A Crisis of Confidence: Part II

March 25, 2008 at 2:43 pm

Newsweek just published an article about how a lack of confidence doomed Bear Stearns.

Here are a couple of interesting points from the article:

  • “A company is only as solvent as the perception of its solvency,” Oppenheimer analyst Meredith Whitney
  • Bernanke declared the subprime crisis contained last year even as it was metastasizing
  • The administration has been out of touch – using the crisis to call for making tax cuts permanent and crafting policy primarily around bailing out Wall Street

What seemed missing to me, however, is the link between confidence in money and confidence in our government.

The policies of the last 8 years have undermined confidence in the United States to the point where our credibility is questioned. When a large gap exists between what we are saying and what we are doing, we lose credibility.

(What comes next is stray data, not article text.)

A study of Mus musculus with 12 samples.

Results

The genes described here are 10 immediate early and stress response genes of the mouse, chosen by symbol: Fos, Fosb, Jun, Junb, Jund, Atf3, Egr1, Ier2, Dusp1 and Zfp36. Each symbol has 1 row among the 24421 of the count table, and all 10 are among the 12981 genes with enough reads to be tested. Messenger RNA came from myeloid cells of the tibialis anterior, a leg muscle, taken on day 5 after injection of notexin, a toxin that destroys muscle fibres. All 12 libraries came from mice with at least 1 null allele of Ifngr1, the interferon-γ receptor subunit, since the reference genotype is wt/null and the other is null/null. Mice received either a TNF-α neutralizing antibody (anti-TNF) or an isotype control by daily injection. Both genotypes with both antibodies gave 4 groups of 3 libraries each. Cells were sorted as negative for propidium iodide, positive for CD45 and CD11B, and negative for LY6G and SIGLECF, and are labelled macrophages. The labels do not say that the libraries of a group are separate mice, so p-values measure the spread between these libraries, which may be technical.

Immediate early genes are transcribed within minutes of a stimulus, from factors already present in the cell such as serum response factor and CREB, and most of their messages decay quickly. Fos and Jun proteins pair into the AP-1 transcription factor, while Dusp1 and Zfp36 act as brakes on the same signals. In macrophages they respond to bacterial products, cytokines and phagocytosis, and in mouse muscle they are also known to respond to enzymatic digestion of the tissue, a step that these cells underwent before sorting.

After a while, who is going to believe the boy who cried wolf, or, in this case, the government that keeps telling us everything is fine – no need to worry.

Daniel Gross, in Slate, also has an excellent article on the rising lack of confidence in American management.

When President Bush asked OPEC recently to increase the supply, OPEC President Chakib Khelil responded that high prices had nothing to do with OPEC nations not pumping enough oil and everything to do with the “mismanagement of the U.S. economy.”

Crude is up 30% over last year in part because the dollar is down a similar amount. That is to say it seems more expensive to us because our dollar is worth less.

The challenge for our generation is restoring not only markets that people can trust, but a government that people can trust. Until then, I’m afraid we have still only seen the tip of the iceberg as far as the economic downturn is concerned.

For this reason, our country sorely needs an economic policy where we spend within our means and limit our borrowing. It’s not rocket science.

My favorite line from the Newsweek article sums it up:

“Confidence can’t be borrowed from the Federal Reserve. It has to be earned slowly, over time, in part through greater transparency.”